The Films of Kurt Kren

Kurt Kren in Person!

“Called by some ‘the father of European avant-garde film,' Austrian filmmaker Kurt Kren has been making films since the 1950s. Kren's films have greatly influenced many other European film artists. Filmmakers Malcolm Le Grice, Werner Nekes, and Birgit and Wilhelm Hein are quick to acknowledge Kren's importance in shaping the course of the contemporary European film movement.
“Kren has managed to make his films on the most limited of all filmmakers' budgets. His 38 films are all short, ranging from 10 minutes down to 6 seconds, and since Kren edits the majority of his films in the camera, the final film and the original stock are equal lengths: there is no waste. Kren plans many of his films in such detail that he outlines designs for each individual frame before shooting. In this way Kren creates visual rhythms much as a musical composer creates aural ones.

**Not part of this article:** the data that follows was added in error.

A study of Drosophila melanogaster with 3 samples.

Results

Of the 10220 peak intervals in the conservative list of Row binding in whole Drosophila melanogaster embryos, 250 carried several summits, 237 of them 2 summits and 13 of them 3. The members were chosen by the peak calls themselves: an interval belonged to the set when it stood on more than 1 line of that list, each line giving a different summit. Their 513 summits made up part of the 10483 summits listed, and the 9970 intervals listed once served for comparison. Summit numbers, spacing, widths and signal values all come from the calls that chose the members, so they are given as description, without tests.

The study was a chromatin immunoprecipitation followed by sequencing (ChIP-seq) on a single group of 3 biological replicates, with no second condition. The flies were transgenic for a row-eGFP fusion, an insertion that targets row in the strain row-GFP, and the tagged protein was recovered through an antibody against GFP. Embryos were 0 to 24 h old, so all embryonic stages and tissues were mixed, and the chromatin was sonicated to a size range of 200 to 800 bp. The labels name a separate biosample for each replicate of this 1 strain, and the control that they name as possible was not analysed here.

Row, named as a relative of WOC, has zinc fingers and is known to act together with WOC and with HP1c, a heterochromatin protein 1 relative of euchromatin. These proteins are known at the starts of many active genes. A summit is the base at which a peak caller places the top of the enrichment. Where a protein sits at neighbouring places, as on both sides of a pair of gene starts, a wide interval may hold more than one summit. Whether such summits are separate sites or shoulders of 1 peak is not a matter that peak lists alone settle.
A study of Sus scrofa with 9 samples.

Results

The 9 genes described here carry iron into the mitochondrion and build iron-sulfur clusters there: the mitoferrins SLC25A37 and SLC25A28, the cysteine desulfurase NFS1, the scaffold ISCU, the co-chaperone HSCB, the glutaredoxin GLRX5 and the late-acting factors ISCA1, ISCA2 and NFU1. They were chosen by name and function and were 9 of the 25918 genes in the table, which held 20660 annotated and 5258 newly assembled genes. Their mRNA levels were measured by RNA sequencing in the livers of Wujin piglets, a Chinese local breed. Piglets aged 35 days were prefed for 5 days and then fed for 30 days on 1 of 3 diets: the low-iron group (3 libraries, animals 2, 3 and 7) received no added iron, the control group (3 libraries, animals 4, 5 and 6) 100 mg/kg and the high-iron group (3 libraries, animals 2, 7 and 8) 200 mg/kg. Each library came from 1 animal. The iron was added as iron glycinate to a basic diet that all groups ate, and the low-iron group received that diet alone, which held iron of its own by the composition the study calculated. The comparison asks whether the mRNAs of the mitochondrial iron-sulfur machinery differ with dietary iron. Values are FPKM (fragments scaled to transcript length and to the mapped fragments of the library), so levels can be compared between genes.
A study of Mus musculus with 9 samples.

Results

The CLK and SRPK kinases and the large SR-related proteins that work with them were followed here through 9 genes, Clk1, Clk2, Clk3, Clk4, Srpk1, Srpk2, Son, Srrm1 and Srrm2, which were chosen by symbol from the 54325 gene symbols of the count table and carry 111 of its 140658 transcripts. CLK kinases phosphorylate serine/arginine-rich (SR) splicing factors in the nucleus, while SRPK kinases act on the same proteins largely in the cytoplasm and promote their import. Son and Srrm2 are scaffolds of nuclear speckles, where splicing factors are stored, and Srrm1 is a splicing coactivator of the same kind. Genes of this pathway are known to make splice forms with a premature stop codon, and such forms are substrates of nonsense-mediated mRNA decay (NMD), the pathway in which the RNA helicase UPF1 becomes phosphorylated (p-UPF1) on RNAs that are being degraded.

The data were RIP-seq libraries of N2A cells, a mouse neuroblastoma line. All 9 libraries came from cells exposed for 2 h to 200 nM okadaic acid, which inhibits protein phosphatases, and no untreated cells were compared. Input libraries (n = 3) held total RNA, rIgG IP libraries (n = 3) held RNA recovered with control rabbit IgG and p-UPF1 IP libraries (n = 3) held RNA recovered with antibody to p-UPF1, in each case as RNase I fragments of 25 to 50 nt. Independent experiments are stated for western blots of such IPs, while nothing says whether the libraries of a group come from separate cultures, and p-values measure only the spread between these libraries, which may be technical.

“In some of Kren's most recent films he has put one or more rolls of film repeatedly through his camera, each time systematically exposing different combined portions of the film. The final developed films are ones with changing layers of exposures. Asyl stands out as especially striking in this way. For this film Kren made 21 masks, each one with five rectangular windows, to cover his camera's lens. With his camera fixed in the same position, focused on a country landscape, each day for 21 consecutive spring days Kren shot the same three rolls of film, each day using a different lens mask. Following a designed plan, each day different parts of the film were shot with the day's mask while the shutter was entirely closed for other footage. In the completed film portions of the landscape glow and glitter as the 21 days are fused together.
“Tonight's program, while including a sampling of Kren's early films, will focus primarily on his last six years' work. Included are films that were temporarily confiscated by a priggish German DA and thus unavailable during Kren's show at PFA in April of '78.”

Tonight's films will include Co-op Cinema Amsterdam (1973, 4 mins); Asyl (1975, 9 mins); Keine Donau (1976, 9 mins); Rischart (1978, 3 mins); Tree Again (1978, 4 mins); Sentimental Punk (1979, 4 mins); and others.